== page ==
The struggle between public servants in environmental agencies and the political servants of polluters in the White House continues. In writing about EPA Administrator Johnson's courageous decision to set a tough new lead standard, I pointed out that there had to have been ferocious pressures from Gang Cheney -- and boy was I right. We now learn that while the technical standard withstood this pressure, the monitoring program was dramatically weakened at the last minute. On the final day, the White House jumped in and rewrote the standard so that half of the lead emissions in the country wouldn't be monitored. In this case, we don't need to speculate about whether the decision was made by Administrator Johnson; we know it was the Office of Management and Budget that insisted on the change.
But if there is hand-to-hand combat at EPA, it's rollover time at the Department of the Interior. Confronted by a November 1 deadline for new regulations, and deluged by 200,000 public comments protesting its proposed regulation to make the safeguards of the Endangered Species Act voluntary for federal agencies, the Department of Interior summoned 15 staffers to D.C. and gave them 32 hours to read, absorb, and understand the tsunami of public concerns. That means that each staffer, assuming they take no coffee or bathroom breaks had to digest 417 comments every hour -- one comment every nine seconds.
Speed reading experts say that the world's fastest readers can manage only 2,000 words a minute (with just 50 percent comprehension). Assuming that the Fish and Wildlife Service has identified 15 world-champion speed readers on its staff, they'll be able to read about 250 words of each submission -- some of which are from scientists and are hundreds of pages long. And, even then, their comprehension will be only 50 percent. (So, for example, of every four comments, the staff can be expected to misclassify at least one, and probably two.)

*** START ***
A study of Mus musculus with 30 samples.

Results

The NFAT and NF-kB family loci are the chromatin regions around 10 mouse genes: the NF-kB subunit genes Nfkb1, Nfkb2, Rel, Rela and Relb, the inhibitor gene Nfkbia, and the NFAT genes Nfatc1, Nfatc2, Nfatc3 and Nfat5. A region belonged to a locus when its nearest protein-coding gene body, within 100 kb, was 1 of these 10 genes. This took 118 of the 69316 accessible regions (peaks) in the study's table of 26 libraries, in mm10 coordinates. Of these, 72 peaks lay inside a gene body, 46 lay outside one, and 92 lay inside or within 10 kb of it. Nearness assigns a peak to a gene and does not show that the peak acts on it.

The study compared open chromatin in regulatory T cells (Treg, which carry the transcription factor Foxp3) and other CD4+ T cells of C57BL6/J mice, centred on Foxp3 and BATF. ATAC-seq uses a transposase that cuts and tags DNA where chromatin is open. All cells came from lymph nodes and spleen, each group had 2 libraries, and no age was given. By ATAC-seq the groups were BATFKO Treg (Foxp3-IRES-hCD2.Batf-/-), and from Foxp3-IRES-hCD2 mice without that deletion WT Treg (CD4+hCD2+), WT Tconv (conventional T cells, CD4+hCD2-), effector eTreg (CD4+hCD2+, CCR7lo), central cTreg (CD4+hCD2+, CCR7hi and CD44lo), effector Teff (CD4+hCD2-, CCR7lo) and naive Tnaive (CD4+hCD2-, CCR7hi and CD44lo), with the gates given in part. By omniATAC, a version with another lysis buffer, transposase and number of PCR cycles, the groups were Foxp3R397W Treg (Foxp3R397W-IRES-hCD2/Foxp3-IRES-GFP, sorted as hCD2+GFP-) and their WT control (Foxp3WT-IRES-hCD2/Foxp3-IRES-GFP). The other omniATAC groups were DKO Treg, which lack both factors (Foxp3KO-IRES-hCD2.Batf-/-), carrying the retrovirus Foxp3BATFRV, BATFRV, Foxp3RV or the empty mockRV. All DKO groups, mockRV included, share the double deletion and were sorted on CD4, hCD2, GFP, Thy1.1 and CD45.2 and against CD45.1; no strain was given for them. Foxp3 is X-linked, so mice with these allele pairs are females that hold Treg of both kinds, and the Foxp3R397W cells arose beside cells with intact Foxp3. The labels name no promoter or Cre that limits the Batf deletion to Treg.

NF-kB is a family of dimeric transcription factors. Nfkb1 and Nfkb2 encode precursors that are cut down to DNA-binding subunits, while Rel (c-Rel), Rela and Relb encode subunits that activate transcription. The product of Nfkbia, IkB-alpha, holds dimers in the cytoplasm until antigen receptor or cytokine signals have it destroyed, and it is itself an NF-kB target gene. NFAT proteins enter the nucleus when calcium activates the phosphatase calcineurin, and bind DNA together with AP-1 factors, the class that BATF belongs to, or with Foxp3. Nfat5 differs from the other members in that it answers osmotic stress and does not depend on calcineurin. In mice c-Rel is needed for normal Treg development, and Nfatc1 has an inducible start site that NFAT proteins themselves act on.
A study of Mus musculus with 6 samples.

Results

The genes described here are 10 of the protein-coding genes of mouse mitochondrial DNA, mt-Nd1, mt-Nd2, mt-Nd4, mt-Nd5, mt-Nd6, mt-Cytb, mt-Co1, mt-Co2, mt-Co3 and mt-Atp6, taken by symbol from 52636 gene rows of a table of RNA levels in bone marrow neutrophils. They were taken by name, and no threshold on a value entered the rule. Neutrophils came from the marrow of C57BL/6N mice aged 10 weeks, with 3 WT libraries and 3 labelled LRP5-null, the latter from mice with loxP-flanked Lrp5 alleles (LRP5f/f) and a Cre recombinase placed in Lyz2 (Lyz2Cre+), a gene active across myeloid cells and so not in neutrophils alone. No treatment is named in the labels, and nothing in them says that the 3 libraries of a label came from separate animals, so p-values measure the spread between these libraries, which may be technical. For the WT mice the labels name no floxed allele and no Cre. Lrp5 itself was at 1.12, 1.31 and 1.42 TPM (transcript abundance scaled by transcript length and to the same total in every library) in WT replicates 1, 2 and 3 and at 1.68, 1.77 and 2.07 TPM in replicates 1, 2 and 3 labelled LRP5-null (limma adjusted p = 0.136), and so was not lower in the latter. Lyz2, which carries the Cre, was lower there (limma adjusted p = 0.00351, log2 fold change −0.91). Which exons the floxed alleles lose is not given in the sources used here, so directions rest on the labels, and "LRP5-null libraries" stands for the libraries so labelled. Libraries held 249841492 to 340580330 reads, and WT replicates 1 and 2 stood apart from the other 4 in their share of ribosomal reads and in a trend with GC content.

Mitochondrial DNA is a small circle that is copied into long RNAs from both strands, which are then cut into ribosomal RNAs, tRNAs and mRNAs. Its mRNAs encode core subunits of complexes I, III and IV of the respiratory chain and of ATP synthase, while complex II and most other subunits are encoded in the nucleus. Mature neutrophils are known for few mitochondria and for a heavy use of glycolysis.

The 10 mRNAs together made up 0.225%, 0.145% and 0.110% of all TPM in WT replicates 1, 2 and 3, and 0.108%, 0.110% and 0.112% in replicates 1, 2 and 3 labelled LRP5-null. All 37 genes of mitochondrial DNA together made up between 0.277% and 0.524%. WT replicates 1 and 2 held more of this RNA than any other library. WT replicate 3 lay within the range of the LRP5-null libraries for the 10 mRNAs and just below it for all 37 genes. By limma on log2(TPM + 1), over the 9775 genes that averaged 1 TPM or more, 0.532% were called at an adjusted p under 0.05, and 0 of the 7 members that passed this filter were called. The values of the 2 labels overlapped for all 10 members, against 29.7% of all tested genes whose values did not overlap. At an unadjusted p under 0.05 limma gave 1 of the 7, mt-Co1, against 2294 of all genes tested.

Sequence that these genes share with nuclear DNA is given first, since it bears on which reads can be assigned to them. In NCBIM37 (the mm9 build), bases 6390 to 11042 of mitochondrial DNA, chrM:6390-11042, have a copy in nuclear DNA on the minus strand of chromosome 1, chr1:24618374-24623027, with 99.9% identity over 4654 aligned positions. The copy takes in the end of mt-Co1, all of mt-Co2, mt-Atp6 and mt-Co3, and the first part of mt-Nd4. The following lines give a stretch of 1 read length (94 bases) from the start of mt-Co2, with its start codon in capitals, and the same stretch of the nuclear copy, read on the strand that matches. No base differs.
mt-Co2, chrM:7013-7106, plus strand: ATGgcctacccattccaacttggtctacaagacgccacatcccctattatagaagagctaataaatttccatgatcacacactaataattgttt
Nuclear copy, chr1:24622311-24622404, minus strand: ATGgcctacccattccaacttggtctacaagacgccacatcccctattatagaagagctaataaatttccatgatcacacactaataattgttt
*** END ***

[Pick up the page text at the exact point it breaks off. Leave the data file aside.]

It's difficult to imagine the job facing the Justice Department lawyer who has to defend this with a straight face as a reasonable exercise in taking public comments into account.
Meanwhile, the Administration has privately signaled that they might not take the November 1 deadline so seriously after all -- they simply haven't done all the damage they want to the fabric of law. So we won't be able to relax -- and even if no new regulations emerge, there is still tremendous capacity to undermine our national wild legacy with the reckless leasing of public lands.
For example, Friday was the closing date for public comment on a sneak move to abolish the right of Congress to block mining proposals in sensitive public lands -- the purpose of this repeal is to reopen the Grand Canyon ecosystem to uranium mining, after the House Resources Committee ordered it protected back in June. The Interior Department ignored the order and has been issuing leases as fast as it can -- and now it's going to try to get rid of the restraint altogether. The Department's justification -- "Rules need to be followed before any mining is done." Of course, if you repeal the rules, they don't need to be followed.
Another example: Just this morning we found out that the Administration is moving to have the EPA adopt rules that would loosen pollution controls on power plants by judging them on their hourly rate of emissions rather than their total annual output -- and it's doing so over the objections of every career and political official in the agency. The idea is to make it easier for older power plants to increase their overall emissions without having to invest in new equipment to reduce pollution.